Leading with Collective Care

Amidst the daily bleak news and suffering around the world, I am heartened by the action being promoted and taken on behalf of shared responsibility for our collective health. Most people who have passed by a TV screen or looked at the news are now aware of the need to #flattenthecurve. We all have to change our behaviors and practice social distancing if we are to slow the spread of a very contagious disease in order to limit a spike that would overwhelm the medical system. This means that even low-risk people need to adopt behaviors that require some sacrifice to prevent the disease from spreading. If we are to reduce the spread and mortality of Covid-19, we must take a hard look at the cost of individualism and inequity ingrained into life in the U.S.

And there is good news. In the midst of this, we are seeing signs of a different collectivist response that goes beyond social distancing. People in neighborhoods are reaching out to seniors offering to pick up groceries and meds, support forums are cropping up all over, and some creative folks have created mutual aid forms to slide under neighbors’ doors. The responses that will save lives are coming bottom up, at an individual level as people exercise responsible behavior, at a neighborhood level, and at the city level as local officials collaborate with public health to implement informed policies. Some media outlets lament that this is happening because we lack effective centralized leadership. Yes, it would be good to have better plans in place, and the kind of culture change we need is not going to come from on high. It’s going to come from us.

That means realizing that these volunteer and mandated actions will take substantial financial and health tolls on people who have no paid sick time or medical coverage, who have kids home from school and will lose wages, and people who will become unemployed and lose their job indefinitely. Those unhoused, dependent on public transportation, or in prisons will be susceptible to greater exposure (and spread) with little option for protective social distancing. While it’s always been true, perhaps it will become more apparent in the months ahead that our health is interdependent. We cannot neglect and marginalize anyone and remain healthy as a society.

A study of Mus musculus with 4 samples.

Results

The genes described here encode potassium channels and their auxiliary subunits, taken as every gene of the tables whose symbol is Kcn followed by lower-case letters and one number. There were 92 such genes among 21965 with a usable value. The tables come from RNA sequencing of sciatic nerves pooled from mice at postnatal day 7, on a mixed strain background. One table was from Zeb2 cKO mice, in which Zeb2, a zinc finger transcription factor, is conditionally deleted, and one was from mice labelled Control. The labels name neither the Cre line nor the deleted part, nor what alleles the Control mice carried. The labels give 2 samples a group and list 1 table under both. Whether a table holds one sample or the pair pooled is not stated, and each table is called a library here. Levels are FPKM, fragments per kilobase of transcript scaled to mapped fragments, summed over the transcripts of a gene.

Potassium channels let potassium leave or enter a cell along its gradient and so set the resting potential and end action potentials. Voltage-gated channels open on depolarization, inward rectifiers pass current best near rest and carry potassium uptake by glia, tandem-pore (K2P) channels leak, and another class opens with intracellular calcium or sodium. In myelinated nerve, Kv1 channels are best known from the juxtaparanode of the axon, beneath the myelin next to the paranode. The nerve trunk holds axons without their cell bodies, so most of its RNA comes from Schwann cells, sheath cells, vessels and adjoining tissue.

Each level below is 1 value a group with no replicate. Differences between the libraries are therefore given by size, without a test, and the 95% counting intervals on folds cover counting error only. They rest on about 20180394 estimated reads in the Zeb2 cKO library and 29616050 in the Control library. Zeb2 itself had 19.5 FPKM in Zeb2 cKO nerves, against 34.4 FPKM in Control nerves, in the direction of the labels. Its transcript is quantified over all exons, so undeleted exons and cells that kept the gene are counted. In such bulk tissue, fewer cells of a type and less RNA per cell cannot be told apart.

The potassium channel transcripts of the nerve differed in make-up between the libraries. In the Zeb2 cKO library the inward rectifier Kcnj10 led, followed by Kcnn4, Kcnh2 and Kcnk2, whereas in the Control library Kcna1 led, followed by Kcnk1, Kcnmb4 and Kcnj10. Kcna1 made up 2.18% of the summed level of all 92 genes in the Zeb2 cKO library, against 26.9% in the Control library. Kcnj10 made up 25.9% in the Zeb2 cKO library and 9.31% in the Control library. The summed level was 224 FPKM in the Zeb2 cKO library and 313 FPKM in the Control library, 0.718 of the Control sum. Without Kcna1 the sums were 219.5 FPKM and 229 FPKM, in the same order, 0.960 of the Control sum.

In the immediate term, local ingenuity is pushing to stop evictions, install more sanitation stations in homeless encampments, and shift resources (yay to foundations doing this) to folks without health care. In the long term, I hope we are on the path to a more just future. One fueled by a deeper understanding of our interdependence, by the examples of local initiative and collective problem solving, and by trampling the culture of individuals with community caring and love in the months ahead. We extend this care to all of you and would love to be in communication about what you need and how we can help.